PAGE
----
We’ve seen that the a7R is affected by shutter shock. We’ve seen ways to ameliorate those effects. We’ve seen that the a7 is essentially free of shutter shock effects by virtue of its electronic first curtain shutter. What if we put all that together and consider the question, “At its worst shutter speed, is the a7R’s sharpness better than the a7’s?” I thought I’d find out. I set up an a7R with the 135mm f/2 Zeiss APO Sonnar ZF.2 on a Novoflex adapter. Using the tricks that we’ve learned so far, I mounted it like this:
Support for the lens barrel? Check. Shutter over the tripod head? Check. A little extra mass? Check.
Taking advantage of the fact that the only a7 shutter motion that can cause blur is that associated with the closing of the second curtain, and that is hardly ever problematic, I mounted the lens to that camera in a much more convenient way:
You’d never mount the lens this way with the a7R. It’s an invitation for the shutter to make the camera/adapter/lens assembly act like a teeter-totter with the fulcrum at the adapter foot, and you’ve got no protection against adapter slop, either. However, you can get away with it with the a7. Using the Novoflex ASTAT-NEX foot is also a good way to spare the a7 lens mount from the task of supporting the big Zeiss lens, as long as you’re careful about how you handle the camera.
I supported the above setups with an Arca Swiss C1 Cube and RRS TVC-44 legs. I put a Heliopan 77mm variable neutral density filter on the lens. Release was with the 2 second self-timer. ISO 400, lens focused wide open and then stopped down to f/5.6. ISO 12233 target with the camera at a distance to yield an active area 647 pixels high for the a7R images, and 527 for a7 ones. Thus, the lines labeled “6” represent slightly more than 1 line pair per pixel pair in the a7R images, and the lines labeled “5” represent slightly more than 1 line pair per pixel pair in the a7R ones.
Target illumination for the continuous lighting images was provided by a single Fotodiox LED-200WA-56 lamp set to full output, using the supplied reflector. I set the camera to aperture priority, and, with the ND filter set to minimum attenuation, adjusted the exposure compensation to give a shutter speed of 1/640 second. I made an exposure. Then I added sufficient light attenuation to get the shutter to 1/3 stop slower speed, and made another exposure. I continued all the way to a shutter speed of ¼ second. Then I did the whole thing again with the other camera.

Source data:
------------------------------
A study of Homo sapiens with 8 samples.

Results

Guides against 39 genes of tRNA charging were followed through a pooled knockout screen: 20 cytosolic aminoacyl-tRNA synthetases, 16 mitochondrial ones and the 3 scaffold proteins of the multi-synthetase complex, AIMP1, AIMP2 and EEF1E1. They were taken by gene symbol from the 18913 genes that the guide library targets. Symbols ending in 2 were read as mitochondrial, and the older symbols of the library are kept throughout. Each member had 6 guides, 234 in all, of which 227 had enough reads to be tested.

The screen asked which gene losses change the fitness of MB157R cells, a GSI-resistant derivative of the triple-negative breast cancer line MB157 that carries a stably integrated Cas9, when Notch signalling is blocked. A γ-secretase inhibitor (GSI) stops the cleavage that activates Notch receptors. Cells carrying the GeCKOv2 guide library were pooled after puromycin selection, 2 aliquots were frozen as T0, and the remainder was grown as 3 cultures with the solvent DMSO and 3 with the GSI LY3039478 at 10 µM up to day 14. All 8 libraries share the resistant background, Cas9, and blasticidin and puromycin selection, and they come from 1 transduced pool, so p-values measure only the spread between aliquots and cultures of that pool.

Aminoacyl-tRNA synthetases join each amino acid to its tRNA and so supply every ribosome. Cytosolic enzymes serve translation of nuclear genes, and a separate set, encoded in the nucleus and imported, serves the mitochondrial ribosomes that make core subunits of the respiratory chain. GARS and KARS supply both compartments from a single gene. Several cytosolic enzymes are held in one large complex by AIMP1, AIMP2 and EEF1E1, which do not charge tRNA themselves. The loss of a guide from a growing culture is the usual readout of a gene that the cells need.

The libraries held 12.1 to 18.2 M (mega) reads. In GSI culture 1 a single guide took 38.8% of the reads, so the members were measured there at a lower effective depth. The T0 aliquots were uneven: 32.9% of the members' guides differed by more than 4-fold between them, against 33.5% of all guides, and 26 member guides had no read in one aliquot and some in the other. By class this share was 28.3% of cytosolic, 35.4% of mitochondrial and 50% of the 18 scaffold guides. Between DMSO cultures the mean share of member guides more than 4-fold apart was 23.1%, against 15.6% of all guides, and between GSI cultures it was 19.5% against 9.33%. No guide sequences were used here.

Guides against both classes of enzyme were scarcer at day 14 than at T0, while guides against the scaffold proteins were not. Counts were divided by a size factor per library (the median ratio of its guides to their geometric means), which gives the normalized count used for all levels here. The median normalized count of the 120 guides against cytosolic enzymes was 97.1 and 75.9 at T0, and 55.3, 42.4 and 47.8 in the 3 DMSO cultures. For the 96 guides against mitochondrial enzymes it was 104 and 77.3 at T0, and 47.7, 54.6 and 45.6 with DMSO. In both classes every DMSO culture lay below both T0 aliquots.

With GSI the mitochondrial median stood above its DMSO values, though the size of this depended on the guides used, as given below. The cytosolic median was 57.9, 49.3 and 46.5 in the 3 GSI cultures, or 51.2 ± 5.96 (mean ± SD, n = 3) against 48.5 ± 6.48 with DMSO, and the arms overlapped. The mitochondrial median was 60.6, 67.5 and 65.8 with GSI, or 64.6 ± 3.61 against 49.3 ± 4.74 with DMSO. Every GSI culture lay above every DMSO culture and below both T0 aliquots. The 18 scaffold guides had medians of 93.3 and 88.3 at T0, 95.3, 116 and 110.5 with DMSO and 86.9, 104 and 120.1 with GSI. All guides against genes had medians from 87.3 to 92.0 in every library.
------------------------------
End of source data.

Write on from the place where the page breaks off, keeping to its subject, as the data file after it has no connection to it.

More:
I brought the images into Lightroom, tweaked exposure and set white balance by eyedropper on the paper white of the target. I left all the other settings at default. I found the sharpest a7R image (1/640 second), and opened it in Photoshop. Then I found the fuzziest (1/60 second) and did the same. I enlarged both images to 300% using bilinear interpolation. This isn’t the sharpest way to scale up an image, but it’s the about the least likely to introduce artifacts. I checked the a7 images, and saw that they were all about the same sharpness. I opened the 1/640 second one in Photoshop, and scaled it up to 368% using bilinear interpolation, so that the target features were the same size in pixels as in the a7R images.
Here’s the sharpest a7R image cropped to the upper right cross:
Here’s the worst a7R image cropped to the upper right cross:
Here’s the a7 image cropped to the upper right cross:
My conclusion is that even at the camera’s worst shutter speed, the a7R images have higher resolution and micro-contrast than the a7 images. Therefore if you’re shooting in landscape orientation at focal lengths of 135 mm and shorter, and are willing to go to a little trouble to mount your gear carefully, then you’ll get better IQ with the a7R than with the a7 at all shutter speeds. The difference is great enough that it probably extends out to focal lengths significantly longer than 135mm. I leave the testing of that to anyone who has access to both cameras and an ISO 12233 chart.
Lloyd Chambers has stopped using the a7R for lens testing because of shutter shock. I can see why he did it; it makes it hard to sort out what’s the shutter and what’s the lens. However, his needs are different than photographers who don’t test gear for a living, and you shouldn’t interpret that to mean that you’ll get sharper images with the a7.